Hire People Who Are Better Than You
“Building this team was probably the most important thing we’ve done. In the beginning, it’s obvious who you’re going to hire. For us, it was obvious we were going to hire the person who can code better than we can. Maybe you’re going to hire the person who can crunch numbers in Excel better than you can, and that’s obvious for you. But the more people you hire, the closer it hits to home. That’s when you come up against what defines whether you’re going to be a successful entrepreneur, which is, do you have the humility to see someone and know that they’re better than you at something?” – Alexa Hirschfeld
Find a Co-Founder You Can Trust
“Starting a company is a very trying and emotionally intense endeavor, particularly when you have no track record and you’re young. I think it’s difficult to see someone who you’re really close to putting themselves through that hardship. But that feeling is counterbalanced by so many advantages. The level of trust that [Alexa and I] have in each other is something that I don’t know we could ever have so quickly with another partner. Not only are we siblings, but we’ve always been especially close, and we’ve always been especially tuned into each other’s heads. So I know what I can trust Alexa on implicitly and what I can’t trust her on implicitly. And I think she has the same level of awareness about me. So we can operate very freely and very competently within our domains. There is also a forgiveness and understanding that’s incredibly helpful in difficult time.” – James Hirschfeld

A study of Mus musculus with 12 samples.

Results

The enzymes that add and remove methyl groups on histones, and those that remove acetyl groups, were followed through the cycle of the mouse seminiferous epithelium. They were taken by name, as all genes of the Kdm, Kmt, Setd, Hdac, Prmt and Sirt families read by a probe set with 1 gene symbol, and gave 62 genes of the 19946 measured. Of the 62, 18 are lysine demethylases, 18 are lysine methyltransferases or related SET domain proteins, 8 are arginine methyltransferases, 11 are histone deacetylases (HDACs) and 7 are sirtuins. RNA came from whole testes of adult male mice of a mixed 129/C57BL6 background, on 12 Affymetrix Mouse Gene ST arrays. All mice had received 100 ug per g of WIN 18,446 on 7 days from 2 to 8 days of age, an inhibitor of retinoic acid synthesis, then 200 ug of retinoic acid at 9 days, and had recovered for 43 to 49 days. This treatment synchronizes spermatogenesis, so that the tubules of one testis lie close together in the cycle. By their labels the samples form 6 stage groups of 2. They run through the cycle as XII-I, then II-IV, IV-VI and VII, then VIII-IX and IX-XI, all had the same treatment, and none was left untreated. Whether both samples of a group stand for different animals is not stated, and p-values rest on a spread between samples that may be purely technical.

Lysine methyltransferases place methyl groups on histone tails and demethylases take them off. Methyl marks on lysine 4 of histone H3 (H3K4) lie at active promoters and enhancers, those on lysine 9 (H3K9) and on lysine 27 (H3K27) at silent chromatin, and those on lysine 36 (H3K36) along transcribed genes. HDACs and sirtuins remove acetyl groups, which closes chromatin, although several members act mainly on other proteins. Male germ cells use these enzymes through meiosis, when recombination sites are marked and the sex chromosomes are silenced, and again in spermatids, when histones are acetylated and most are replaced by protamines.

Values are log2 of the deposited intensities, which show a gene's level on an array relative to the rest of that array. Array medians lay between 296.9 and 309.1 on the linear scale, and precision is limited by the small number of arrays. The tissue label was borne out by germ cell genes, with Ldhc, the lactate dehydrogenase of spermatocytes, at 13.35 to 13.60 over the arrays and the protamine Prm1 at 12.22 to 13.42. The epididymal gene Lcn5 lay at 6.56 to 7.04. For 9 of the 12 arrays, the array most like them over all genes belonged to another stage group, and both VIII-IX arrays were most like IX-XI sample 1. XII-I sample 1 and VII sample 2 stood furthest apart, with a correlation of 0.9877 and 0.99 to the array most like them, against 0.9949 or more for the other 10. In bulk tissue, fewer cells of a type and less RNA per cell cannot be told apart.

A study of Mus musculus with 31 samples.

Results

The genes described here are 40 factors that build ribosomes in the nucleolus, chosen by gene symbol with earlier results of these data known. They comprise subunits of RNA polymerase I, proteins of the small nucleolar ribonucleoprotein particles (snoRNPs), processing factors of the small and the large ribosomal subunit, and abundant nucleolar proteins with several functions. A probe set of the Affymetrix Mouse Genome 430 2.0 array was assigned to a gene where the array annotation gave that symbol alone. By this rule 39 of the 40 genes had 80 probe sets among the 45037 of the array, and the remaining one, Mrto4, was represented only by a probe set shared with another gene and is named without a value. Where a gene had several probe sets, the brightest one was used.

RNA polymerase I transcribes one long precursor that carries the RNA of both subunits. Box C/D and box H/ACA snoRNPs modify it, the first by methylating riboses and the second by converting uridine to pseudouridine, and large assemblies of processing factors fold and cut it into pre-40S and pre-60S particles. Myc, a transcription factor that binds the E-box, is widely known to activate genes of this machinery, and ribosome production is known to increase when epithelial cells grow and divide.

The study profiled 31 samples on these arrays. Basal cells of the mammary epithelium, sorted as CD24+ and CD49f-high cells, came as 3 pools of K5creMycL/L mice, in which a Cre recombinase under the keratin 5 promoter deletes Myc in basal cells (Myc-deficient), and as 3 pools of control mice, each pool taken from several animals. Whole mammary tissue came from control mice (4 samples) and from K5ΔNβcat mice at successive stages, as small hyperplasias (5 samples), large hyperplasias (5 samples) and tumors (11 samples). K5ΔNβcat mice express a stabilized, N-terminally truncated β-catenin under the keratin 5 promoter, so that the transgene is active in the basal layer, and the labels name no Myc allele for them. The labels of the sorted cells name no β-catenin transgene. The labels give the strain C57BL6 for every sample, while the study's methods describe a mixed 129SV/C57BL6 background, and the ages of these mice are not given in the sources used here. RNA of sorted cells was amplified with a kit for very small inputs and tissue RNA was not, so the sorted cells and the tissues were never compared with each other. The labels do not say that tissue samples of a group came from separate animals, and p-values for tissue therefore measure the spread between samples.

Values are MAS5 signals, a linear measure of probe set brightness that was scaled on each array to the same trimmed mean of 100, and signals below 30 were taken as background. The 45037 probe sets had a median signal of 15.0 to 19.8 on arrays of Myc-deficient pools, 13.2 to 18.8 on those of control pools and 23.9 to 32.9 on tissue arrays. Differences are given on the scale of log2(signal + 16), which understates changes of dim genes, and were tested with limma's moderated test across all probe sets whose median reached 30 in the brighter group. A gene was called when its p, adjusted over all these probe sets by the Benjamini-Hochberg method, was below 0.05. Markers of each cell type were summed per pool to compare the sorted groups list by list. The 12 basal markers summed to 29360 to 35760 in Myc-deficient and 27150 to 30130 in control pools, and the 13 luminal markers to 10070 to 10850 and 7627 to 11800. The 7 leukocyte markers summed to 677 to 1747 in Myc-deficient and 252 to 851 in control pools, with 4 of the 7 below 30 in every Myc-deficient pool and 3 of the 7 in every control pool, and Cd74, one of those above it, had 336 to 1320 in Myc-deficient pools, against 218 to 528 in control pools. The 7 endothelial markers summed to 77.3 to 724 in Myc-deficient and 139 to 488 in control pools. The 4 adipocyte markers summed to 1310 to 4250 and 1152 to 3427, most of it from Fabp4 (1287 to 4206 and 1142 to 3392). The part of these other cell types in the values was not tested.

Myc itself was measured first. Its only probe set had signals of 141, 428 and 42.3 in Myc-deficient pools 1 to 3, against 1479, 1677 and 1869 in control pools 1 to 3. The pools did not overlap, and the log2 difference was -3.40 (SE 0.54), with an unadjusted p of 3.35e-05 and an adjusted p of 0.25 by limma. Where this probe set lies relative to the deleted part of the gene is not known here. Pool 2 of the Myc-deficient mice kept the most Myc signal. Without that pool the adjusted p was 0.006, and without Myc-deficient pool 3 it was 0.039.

Don’t Be Afraid to Communicate Unpleasantness
“A large part of running a fledgling company is constant course correction and having hard conversations and dark conversations. You’ve got to discuss all different types of unpleasantness. So, if you were dealing with somebody that you couldn’t be straight with because you thought you might hurt their feelings or make them think that you didn’t believe in them, then that would be just another thing to have to manage. But if you never have to walk on eggshells because you can rapid fire bad things back and forth without it being personal, that is actually hugely valuable.” – Alexa Hirschfeld
Siblings Alexa and James Hirschfeld came up with the idea for Paperless Post at a Harvard party in 2008 while brainstorming a unique way to invite guests to James’ 21st birthday party. Their creation allowed people to send digital cards that have the look of actual stationery. Within one month, the president of Harvard was using Paperless Post as a platform for organizing alumni events.
By 2010, the siblings had secured three rounds of funding totaling $6.3 million from investors including Ram Shiram and Mousse Partners. The company started turning a profit in December of that year and hasn’t stopped growing.
In April 2012, Paperless Post raised another $6 million in funding from RRE Ventures, SV Angel, Tim Draper and others, bringing the total funding to $12 million.
Paperless Post has sent more than 85 million electronic invites to date and continues to grow its platform. In October 2012, the company launched PAPER by Paperless Post, giving users the option to have their customized invitations digitally printed on cardstock to send off-line, as well as online. In April 2013, they expanded the business further, partnering with the fine stationer Crane & Co. to offer engraved and letter-pressed wedding invitations and personal stationery.
Today, Paperless Post has raised over $55 million, has over 100 million users and 100 employees.